Egypt opens candidacy applications for ‘first free’ presidential election

On Saturday Egypt opened the door for presidential candidacy applications, 13 months after the ousting of former President Hosni Mubarak who ruled the country for 30 years.

In theory the second multi-candidate presidential elections, the election may nonetheless be the first time in history that Egyptian will choose freely their ruler.

Mubarak, who was forced to step down last year after an 18-day mass uprising, was elected to his last term in 2005 in the first multi-candidate presidential elections, but the elections were widely viewed as rigged.

Numerous candidates have stepped forward so far, some linked with the former regime. One is Mubarak's last prime minister and former senior Egyptian air force commander Ahmed Shafiq. Another is Mubarak-era Foreign Minister Amr Moussa, most recently the Arab League's secretary general. Also running is Mansour Hassan, a veteran Egyptian politician who is close to the country's military rulers.

Shafiq was the first prominent candidate to officially apply to run, alongside other candidates who do not enjoy wide media reputations.

According to state news agency MENA Shafiq was present early this morning at the headquarters of the high elections commission, accompanied by members of his campaign and legal advisers.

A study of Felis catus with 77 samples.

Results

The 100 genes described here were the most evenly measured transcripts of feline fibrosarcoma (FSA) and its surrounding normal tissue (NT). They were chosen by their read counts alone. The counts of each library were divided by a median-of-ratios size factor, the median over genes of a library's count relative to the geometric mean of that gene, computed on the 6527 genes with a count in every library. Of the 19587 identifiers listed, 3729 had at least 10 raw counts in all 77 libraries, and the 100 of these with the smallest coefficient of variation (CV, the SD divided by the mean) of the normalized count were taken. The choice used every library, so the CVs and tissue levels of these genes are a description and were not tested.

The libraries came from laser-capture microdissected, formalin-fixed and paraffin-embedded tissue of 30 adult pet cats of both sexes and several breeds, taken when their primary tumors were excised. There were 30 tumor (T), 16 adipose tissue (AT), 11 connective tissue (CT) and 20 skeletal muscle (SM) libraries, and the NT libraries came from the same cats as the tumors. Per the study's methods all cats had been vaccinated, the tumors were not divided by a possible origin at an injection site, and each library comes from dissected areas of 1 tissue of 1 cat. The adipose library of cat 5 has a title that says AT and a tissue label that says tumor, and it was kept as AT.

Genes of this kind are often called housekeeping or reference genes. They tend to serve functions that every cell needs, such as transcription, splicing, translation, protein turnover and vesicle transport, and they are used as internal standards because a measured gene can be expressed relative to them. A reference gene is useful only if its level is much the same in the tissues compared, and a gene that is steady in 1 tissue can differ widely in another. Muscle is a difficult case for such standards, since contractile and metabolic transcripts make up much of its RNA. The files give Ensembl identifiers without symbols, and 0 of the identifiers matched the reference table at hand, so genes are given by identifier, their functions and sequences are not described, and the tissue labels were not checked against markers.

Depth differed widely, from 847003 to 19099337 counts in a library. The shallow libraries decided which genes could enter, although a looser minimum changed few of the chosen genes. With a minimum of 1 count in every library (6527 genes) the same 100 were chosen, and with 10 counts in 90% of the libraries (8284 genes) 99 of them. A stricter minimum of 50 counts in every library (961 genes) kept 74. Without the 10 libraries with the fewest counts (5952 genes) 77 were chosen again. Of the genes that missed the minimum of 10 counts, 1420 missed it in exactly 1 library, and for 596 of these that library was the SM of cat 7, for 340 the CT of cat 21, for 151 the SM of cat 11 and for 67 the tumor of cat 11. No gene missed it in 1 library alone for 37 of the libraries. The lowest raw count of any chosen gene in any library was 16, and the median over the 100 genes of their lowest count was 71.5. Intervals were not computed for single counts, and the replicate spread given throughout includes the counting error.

Any political party that has a representative in the People's Assembly or Shura Council has the right to nominate a presidential candidate, whereas an independent candidate must obtain the support of at least 30 MPs or 30,000 voters.

The elections commission, headed by the president of the Supreme Constitutional Court, began accepting candidacy applications at 9 am local time. Any decision the commission makes is beyond appeal, according to Article 28 of the Constitutional Declaration issued in March last year.

Presidential hopefuls lined up outside the headquarters of the commission in Heliopolis.

The law prohibits citizens of dual nationality running. The elections commission has set LE10 million (US$1.6 million) as the maximum ceiling for election campaign spending. The ceiling in the case of run-offs will be LE2 million.

The commission has stipulated that funding sources for election campaigns should either be candidates' own money, the parties that support them or donations from the Egyptian people.

The election is scheduled to start in May. The winner will take responsibility in June, ending the rule of the Supreme Council of Armed Forces, which took control after Mubarak's exit.

The head of elections commission, Farouk Sultan, told a nationally televised news conference that a 21-day presidential election campaign period will begin on 30 April, more than a month after candidates can begin submitting their applications for the race.